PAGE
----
ChatGPT proves that AI has come of age … the brilliant and weird AI-based chatbot application from OpenAI that quite possibly knows everything.

December 9, 2022

Earlier this week I noticed #ChatGPT trending on social media.

We’ve become used to tech crazes – a new gadget, a new business, sometimes just a Hyperloop-style video – that zooms into our collective conscience, particularly when AI is  somehow involved.

That evening I investigated a little further.  ChatGPT is a prototype AI-based chatbot of Open AI.

I knew OpenAI largely from interviews with Elon Musk. It seemed like he spent more time there than at Tesla, SpaceX (or even Twitter), the companies which he officially led. It seemed to be the project that really engaged his brain.

Clicking on “Try ChatGPT” led to a rather simple “Ask me any question” prompt.

It reminded my first visit to the Google search engine, 20 or more years go. In fact, Chat GPT is a lot like a Google search. Just a lot more intelligent. And could entirely replace it very soon.

By the way GPT stands for Generative Pre-Trained Transformer.

More technically – GPT3, or the third-generation Generative Pre-trained Transformer – is a neural network machine learning model trained using internet data to generate any type of text. Developed by OpenAI, it requires a small amount of input text to generate large volumes of relevant and sophisticated machine-generated text.

GPT-3’s deep learning neural network is a model with over 175 billion machine learning parameters. To put things into scale, the largest trained language model before GPT3 was Microsoft’s Turing Natural Language Generation (NLG) model, which had 10 billion parameters. As of early 2021, GPT3 is the largest neural network ever produced. As a result, GPT3 is better than any prior model for producing text that is convincing enough to seem like a human could have written it.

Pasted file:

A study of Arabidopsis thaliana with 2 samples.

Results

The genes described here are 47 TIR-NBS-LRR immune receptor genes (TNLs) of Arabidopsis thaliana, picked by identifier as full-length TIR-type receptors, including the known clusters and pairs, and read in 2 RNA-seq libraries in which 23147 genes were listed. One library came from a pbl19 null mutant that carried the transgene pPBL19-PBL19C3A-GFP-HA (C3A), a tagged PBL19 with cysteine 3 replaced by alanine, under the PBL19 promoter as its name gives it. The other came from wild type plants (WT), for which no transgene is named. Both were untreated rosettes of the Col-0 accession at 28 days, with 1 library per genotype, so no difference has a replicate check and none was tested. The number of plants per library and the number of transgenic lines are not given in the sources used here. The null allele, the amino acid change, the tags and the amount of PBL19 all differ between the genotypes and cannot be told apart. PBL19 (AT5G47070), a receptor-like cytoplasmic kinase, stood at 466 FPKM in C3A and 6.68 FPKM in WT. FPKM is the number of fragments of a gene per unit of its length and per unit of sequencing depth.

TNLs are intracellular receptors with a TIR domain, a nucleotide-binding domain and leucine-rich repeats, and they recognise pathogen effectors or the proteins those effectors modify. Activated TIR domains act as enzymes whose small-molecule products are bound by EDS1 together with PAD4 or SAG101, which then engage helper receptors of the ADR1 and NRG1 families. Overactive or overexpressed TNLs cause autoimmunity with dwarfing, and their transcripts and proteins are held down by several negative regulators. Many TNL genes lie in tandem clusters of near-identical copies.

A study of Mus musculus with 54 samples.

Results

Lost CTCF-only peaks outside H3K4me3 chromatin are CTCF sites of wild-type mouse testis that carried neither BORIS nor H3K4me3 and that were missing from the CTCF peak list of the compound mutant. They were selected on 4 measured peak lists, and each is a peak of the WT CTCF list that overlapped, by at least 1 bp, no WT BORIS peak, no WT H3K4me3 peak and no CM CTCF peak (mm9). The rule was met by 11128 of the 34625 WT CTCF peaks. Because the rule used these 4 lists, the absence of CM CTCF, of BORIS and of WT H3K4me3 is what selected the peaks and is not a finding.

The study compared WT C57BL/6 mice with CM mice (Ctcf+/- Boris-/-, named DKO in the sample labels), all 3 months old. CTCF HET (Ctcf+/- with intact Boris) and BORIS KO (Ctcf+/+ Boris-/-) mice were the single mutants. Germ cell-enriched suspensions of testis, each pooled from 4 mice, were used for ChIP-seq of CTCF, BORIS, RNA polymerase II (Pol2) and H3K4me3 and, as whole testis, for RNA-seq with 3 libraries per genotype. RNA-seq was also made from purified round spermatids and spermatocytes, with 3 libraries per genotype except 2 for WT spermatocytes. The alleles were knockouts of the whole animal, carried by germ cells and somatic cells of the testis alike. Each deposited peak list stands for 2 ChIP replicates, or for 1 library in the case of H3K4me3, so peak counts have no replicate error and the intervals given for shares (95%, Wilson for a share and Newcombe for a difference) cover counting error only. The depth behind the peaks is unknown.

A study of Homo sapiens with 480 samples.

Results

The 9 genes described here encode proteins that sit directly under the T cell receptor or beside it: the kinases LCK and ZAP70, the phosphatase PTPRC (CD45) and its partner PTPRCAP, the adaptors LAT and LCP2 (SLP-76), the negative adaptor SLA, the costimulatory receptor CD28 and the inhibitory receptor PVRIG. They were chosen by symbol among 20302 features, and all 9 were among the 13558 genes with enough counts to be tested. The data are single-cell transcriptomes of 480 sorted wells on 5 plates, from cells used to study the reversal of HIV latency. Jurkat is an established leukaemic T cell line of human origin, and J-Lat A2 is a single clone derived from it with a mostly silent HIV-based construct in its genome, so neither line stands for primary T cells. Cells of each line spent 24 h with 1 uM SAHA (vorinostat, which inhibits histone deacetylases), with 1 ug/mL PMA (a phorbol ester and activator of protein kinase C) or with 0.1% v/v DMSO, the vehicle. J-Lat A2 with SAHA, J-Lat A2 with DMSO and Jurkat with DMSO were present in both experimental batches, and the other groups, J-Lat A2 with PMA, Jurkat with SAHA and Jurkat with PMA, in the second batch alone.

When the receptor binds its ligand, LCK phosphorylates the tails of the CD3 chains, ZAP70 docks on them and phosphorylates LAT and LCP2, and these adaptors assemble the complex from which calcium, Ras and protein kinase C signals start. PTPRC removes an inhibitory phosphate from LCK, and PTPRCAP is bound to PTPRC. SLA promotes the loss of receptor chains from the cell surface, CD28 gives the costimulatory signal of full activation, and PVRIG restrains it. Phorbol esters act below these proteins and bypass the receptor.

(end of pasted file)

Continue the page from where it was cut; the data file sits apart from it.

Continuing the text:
I played around a bit. It seemed quite smart. And then decided to ask a proper question.

“ChatGPT, how would Steve Jobs design and market extended reality glasses without using the idea of a metaverse?”

Within seconds, it answered, rather impressively:

“Steve Jobs would likely design extended reality glasses with a focus on simplicity and user experience. The glasses would be sleek and minimalist in design, with a user-friendly interface and intuitive controls. They would offer a wide range of features and applications, from augmented reality and virtual reality to real-time information and communication.

In terms of marketing, Steve Jobs would likely emphasize the glasses’ ability to enhance and enrich daily life, rather than the concept of a metaverse.

He would showcase the glasses’ potential to improve productivity, entertainment, and social connections, as well as their ability to provide new and exciting experiences. He would also focus on the glasses’ sleek design and intuitive interface, highlighting their user-friendliness and accessibility.

Overall, Steve Jobs would approach the marketing of extended reality glasses with a focus on their practical, everyday uses and benefits, rather than on the more abstract concept of a metaverse.”

Within hours, the world was bombarding the GPT interface with all sorts of weird and wonderful questions.

Indeed, if you want to compare it’s speed of penetration, in terms of time it took to reach 1 million users: Netflix 3.5 years, Facebook 10 months, Spotify 5 months, Instagram 2.5 months, ChatGPT 5 days.

Here is the initial reaction from The Verge magazine, and from BBC News.

Since then, Elon Musk has said that ChatGPT could spell the end of homework. Meaning that the AI could trot out a uniquely personalised 5000 word essay on any topic your request within seconds.

OpenAI say that ChatGPT is essentially a prototype, and we shouldn’t depend on it for perfect answers, yet. However its next iteration is coming soon, and the millions of curious playful tests over recent days, is probably part of its development plan.

ChatGPT shows that AI is rapidly coming of age.

While AI’s application are largely-invisibly all around us already – consider the AI which goes into Google Maps for example – its real life-changing impacts, to redefine how we live and work, to solve some of the most difficult challenges, to accelerate progress is just around the corner.

(Try asking it how it will solve the climate crisis, or Ukraine war, or global downturn!).

Open AI is a not-for-profit business founded in 2015 by Sam Altman, together with Musk and others. It also has a for-profit subsidiary, which will seek to commercialise new ideas. In 2019 this received a $1 billion investment from Microsoft, and is now poised to invest significantly more.

More about Open AI:

Following the release of ChatGPT, OpenAI was reportedly valued at $29 billion, according to Insider.

Indeed, Microsoft could become the lead company in applying the next improved versions of  ChatGPT, not just to Bing, but a wide variety of business applications.